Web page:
New Delhi, Oct. 2: Bangladesh’s beleaguered national carrier Biman is looking for a strategic partner from Southeast Asian and Gulf airlines.
Top officials of the airline said they were open to funding from Indian investors as well.
According to Biman officials, the airline could look at top Gulf-based or Southeast Asian carriers such as Cathay Pacific, Singapore International Airlines and Malaysian Airlines.
Kevin John Steele, recently appointed managing director and CEO of Biman Bangladesh, said the airline would be open to strategic partnership with anyone dependable when it was privatised in around two-and-a-half years.
Biman has recently got approval of the Bangladeshi government to launch its initial public offer (IPO). However, the Government of Bangladesh will retain a majority share, despite the strategic partnership and IPO, clarified officials.
“Not just Gulf airlines, we could get into a partnership with Southeast Asian and even European carriers. We are open to and invite Indian companies to get into a joint venture deal with Biman. New Delhi will anyway play an important role in our expansion and could potentially become our secondary hub,” said Steele.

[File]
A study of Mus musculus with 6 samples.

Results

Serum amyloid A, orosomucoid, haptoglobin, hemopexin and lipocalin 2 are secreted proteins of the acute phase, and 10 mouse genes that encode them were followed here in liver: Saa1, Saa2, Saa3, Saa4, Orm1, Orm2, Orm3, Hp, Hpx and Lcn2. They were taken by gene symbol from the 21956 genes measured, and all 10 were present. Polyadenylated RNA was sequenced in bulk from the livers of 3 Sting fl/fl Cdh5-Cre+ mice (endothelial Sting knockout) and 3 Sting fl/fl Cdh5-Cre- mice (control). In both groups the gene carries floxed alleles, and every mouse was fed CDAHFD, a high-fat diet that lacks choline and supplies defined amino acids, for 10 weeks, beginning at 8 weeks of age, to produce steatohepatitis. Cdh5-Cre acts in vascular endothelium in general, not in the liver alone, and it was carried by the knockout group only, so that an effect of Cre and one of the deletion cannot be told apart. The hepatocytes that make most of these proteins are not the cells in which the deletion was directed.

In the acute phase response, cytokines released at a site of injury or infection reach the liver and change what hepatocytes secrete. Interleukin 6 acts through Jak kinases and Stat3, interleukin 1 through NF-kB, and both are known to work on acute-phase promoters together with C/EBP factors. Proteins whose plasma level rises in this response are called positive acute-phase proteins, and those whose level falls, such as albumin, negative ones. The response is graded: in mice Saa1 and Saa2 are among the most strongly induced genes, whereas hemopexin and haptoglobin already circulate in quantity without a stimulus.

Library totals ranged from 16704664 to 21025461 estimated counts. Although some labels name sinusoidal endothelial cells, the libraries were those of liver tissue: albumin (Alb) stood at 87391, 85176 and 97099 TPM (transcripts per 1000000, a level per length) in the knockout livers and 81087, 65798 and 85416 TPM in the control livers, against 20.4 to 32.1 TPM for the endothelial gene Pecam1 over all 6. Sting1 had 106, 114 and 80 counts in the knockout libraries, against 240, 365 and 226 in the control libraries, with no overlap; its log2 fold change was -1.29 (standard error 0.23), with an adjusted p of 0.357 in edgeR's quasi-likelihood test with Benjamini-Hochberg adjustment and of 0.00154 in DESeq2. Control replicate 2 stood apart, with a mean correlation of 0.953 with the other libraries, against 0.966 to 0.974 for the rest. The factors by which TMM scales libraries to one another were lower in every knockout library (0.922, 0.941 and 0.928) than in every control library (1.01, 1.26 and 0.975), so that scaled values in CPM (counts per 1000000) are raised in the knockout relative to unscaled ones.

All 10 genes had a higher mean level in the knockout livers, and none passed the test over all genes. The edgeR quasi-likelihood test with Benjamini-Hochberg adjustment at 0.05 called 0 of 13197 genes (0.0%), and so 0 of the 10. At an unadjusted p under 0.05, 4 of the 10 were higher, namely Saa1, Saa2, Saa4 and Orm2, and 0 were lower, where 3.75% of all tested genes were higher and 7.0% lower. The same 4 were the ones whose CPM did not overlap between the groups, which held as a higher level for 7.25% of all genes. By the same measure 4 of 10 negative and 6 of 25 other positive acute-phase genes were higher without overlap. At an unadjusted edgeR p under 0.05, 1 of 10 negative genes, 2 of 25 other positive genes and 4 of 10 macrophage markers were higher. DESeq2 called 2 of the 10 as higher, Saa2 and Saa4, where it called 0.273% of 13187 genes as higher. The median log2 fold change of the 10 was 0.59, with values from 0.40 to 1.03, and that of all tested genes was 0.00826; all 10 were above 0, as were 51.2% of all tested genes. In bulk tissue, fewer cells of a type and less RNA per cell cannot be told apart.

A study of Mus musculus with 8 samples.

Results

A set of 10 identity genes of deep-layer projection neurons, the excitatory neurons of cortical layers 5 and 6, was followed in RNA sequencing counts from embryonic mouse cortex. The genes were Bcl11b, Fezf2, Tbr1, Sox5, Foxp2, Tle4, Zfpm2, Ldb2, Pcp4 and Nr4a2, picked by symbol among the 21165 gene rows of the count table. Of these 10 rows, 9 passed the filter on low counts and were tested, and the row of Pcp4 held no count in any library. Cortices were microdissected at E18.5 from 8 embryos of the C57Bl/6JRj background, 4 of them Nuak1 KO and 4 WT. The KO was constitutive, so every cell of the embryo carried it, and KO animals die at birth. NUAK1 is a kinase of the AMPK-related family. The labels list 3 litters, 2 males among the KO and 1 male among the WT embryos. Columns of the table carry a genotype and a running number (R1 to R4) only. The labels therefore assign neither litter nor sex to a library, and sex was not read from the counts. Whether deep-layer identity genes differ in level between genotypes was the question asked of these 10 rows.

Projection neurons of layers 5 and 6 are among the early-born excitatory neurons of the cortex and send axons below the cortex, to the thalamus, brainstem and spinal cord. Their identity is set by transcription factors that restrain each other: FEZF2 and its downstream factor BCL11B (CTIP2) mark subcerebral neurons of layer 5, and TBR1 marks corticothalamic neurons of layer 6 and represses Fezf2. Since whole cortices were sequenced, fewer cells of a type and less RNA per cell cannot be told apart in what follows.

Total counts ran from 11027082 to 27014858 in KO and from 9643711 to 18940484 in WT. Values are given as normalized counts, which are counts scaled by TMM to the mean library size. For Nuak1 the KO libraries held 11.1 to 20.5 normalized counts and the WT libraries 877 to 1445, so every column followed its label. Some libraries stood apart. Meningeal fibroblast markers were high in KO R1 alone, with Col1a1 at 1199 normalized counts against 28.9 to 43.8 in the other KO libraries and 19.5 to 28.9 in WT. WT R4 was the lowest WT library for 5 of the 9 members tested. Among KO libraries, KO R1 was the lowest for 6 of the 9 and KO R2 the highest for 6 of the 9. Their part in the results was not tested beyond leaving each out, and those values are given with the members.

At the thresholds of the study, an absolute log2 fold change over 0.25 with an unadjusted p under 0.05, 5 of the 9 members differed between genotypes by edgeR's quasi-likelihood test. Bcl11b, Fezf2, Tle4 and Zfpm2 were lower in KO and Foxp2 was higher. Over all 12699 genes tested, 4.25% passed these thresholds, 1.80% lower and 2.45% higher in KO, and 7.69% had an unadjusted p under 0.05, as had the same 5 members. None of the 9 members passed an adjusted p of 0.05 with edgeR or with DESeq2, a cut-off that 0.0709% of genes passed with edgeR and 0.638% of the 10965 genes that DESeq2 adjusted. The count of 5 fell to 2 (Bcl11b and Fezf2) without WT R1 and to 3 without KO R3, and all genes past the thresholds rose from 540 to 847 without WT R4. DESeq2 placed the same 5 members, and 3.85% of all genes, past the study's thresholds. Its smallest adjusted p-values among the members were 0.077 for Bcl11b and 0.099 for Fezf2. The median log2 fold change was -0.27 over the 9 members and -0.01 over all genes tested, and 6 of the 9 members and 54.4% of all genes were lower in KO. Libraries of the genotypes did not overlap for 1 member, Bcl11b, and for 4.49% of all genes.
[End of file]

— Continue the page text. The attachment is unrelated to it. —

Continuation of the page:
Biman has in the last one year come up with new strategies for turnaround. The airline has made expansion plans and brought in an expat CEO, a first for the carrier. The airline for a long time has been embroiled in controversies such as corruption within its ranks and faced operational problems.
The Bangladesh government has agreed to allow Biman to go for an IPO after attaining profitability and is providing sovereign guarantee for its fleet expansion plan.
Steele, a British national, has earlier served in India as the regional head of British Airways, apart from working in Etihad and a Saudi no-frills carrier. He said Biman would remain a full-service carrier.
Steele claimed that Biman has cut its losses by $50 million in the last financial year.
“Biman lost around $75 million in 2011-12, while the results for 2012-13 show this has improved considerably to around $25 million.”
He hopes that in the current fiscal ending June next year the airline will be able to bring down the losses to $10 million and will be profitable by 2014-15.
Biman’s passenger carrying capacity has been reduced by around 30 per cent this year over the previous year resulting in a fall in revenue. However, its costs have come down. At present, the airline has eight aircraft and plans to expand its fleet to 18 in the next two years.
It will have 12 planes by March and retire four DC-10s, one of which will go to a US aviation museum.
The airline will induct more Boeing 777s and have six 787 Dreamliners on order for deliveries by 2018, Steele said.